New feature by The Intercept, based on documents provided by Ed Snowden: NSA surveillance site TITANPOINTE.
They called it Project X. It was an unusually audacious, highly sensitive assignment: to build a massive skyscraper, capable of withstanding an atomic blast, in the middle of New York City. It would have no windows, 29 floors with three basement levels, and enough food to last 1,500 people two weeks in the event of a catastrophe.
But the building’s primary purpose would not be to protect humans from toxic radiation amid nuclear war. Rather, the fortified skyscraper would safeguard powerful computers, cables, and switchboards. It would house one of the most important telecommunications hubs in the United States the world’s largest center for processing long-distance phone calls, operated by the New York Telephone Company, a subsidiary of AT&T.
Documents obtained by The Intercept from the NSA whistleblower Edward Snowden do not explicitly name 33 Thomas Street as a surveillance facility. However — taken together with architectural plans, public records, and interviews with former AT&T employees conducted for this article — they provide compelling evidence that 33 Thomas Street has served as an NSA surveillance site, code-named TITANPOINTE.
Inside 33 Thomas Street there is a major international “gateway switch,” according to a former AT&T engineer, which routes phone calls between the United States and countries across the world. A series of top-secret NSA memos suggest that the agency has tapped into these calls from a secure facility within the AT&T building. The Manhattan skyscraper appears to be a core location used for a controversial NSA surveillance program that has targeted the communications of the United Nations, the International Monetary Fund, the World Bank, and at least 38 countries, including close U.S. allies such as Germany, Japan, and France.
It has long been known that AT&T has cooperated with the NSA on surveillance, but few details have emerged about the role of specific facilities in carrying out the top-secret programs. The Snowden documents provide new information about how NSA equipment has been integrated as part of AT&T’s network in New York City, revealing in unprecedented detail the methods and technology the agency uses to vacuum up communications from the company’s systems.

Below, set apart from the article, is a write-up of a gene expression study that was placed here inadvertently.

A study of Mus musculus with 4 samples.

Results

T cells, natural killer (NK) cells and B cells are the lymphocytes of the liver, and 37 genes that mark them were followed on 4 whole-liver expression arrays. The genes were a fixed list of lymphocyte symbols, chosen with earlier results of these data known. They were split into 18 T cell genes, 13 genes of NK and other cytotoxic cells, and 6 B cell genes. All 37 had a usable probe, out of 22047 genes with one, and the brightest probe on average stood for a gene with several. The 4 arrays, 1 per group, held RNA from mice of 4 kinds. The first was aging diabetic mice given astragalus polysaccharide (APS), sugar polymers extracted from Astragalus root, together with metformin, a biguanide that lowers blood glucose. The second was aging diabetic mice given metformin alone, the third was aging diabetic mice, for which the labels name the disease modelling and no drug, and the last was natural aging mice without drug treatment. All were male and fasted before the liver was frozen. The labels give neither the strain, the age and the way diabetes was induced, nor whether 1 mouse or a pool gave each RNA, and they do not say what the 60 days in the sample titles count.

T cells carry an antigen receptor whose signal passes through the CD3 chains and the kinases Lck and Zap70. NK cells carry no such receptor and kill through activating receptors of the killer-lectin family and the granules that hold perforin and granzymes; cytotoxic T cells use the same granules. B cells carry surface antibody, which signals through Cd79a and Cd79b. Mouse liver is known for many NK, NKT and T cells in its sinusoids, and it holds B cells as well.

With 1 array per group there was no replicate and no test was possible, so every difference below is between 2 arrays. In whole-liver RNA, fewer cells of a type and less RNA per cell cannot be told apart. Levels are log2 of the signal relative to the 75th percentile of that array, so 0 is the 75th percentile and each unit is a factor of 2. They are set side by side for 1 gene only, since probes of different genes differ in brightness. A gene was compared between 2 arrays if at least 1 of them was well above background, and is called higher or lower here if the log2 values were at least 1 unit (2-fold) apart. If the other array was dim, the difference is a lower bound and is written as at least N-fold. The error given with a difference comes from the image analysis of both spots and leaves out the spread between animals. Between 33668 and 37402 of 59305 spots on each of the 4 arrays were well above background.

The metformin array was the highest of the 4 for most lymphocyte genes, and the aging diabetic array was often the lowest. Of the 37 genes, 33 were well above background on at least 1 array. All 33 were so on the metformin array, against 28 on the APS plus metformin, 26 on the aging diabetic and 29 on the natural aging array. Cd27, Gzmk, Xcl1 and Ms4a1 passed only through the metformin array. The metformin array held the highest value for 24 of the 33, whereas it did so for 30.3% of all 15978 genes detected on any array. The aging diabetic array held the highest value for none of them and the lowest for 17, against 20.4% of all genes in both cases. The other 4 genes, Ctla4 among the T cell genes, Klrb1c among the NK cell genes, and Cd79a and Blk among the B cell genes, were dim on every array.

“This is yet more proof that our communications service providers have become, whether willingly or unwillingly, an arm of the surveillance state,” said Elizabeth Goitein, co-director of the liberty and national security program at the Brennan Center for Justice. “The NSA is presumably operating under authorities that enable it to target foreigners, but the fact that it is so deeply embedded in our domestic communications infrastructure should tip people off that the effects of this kind of surveillance cannot be neatly limited to non-Americans.”
The code name TITANPOINTE features dozens of times in the NSA documents, often in classified reports about surveillance operations. The agency uses code names to conceal information it deems especially sensitive for instance, the names of companies it cooperates with or specific locations where electronic spying is carried out. Such details are usually considered “exceptionally controlled information,” a category beyond top secret and thus outside the scope of most of the documents that Snowden was able to obtain.
The NSA’s documents also reveal that one of TITANPOINTE’s functions is to conduct surveillance as part of a program called SKIDROWE, which focuses on intercepting satellite communications. That is a particularly striking detail, because on the roof of 33 Thomas Street there are a number of satellite dishes. Federal Communications Commission records confirm that 33 Thomas Street is the only location in New York City where AT&T has an FCC license for satellite earth stations.
In 1975, just a year after Warnecke’s 33 Thomas Street building was completed, the NSA became embroiled in one of the biggest scandals in the U.S. intelligence community’s history. Following revelations about domestic surveillance operations targeting anti-Vietnam War activists, a congressional select committee began investigating the alleged abuses.
The inquiry, led by Democratic Sen. Frank Church, published its findings in April 1976. It concluded that U.S. intelligence agencies had “invaded individual privacy and violated the rights of lawful assembly and political expression.” Surveillance programs operated by the NSA through this period, it was later revealed, had targeted “domestic terrorist and foreign radical” suspects, including a host of eminent Americans, such as the civil rights leaders Martin Luther King and Whitney Young, the boxer Muhammad Ali, Washington Post columnist Art Buchwald, and New York Times journalist Tom Wicker.
The Church Committee recommended that new and tighter controls be placed on intelligence gathering. And in 1978, Congress approved the Foreign Intelligence Surveillance Act, requiring the executive branch to request warrants for spying operations from a newly formed court.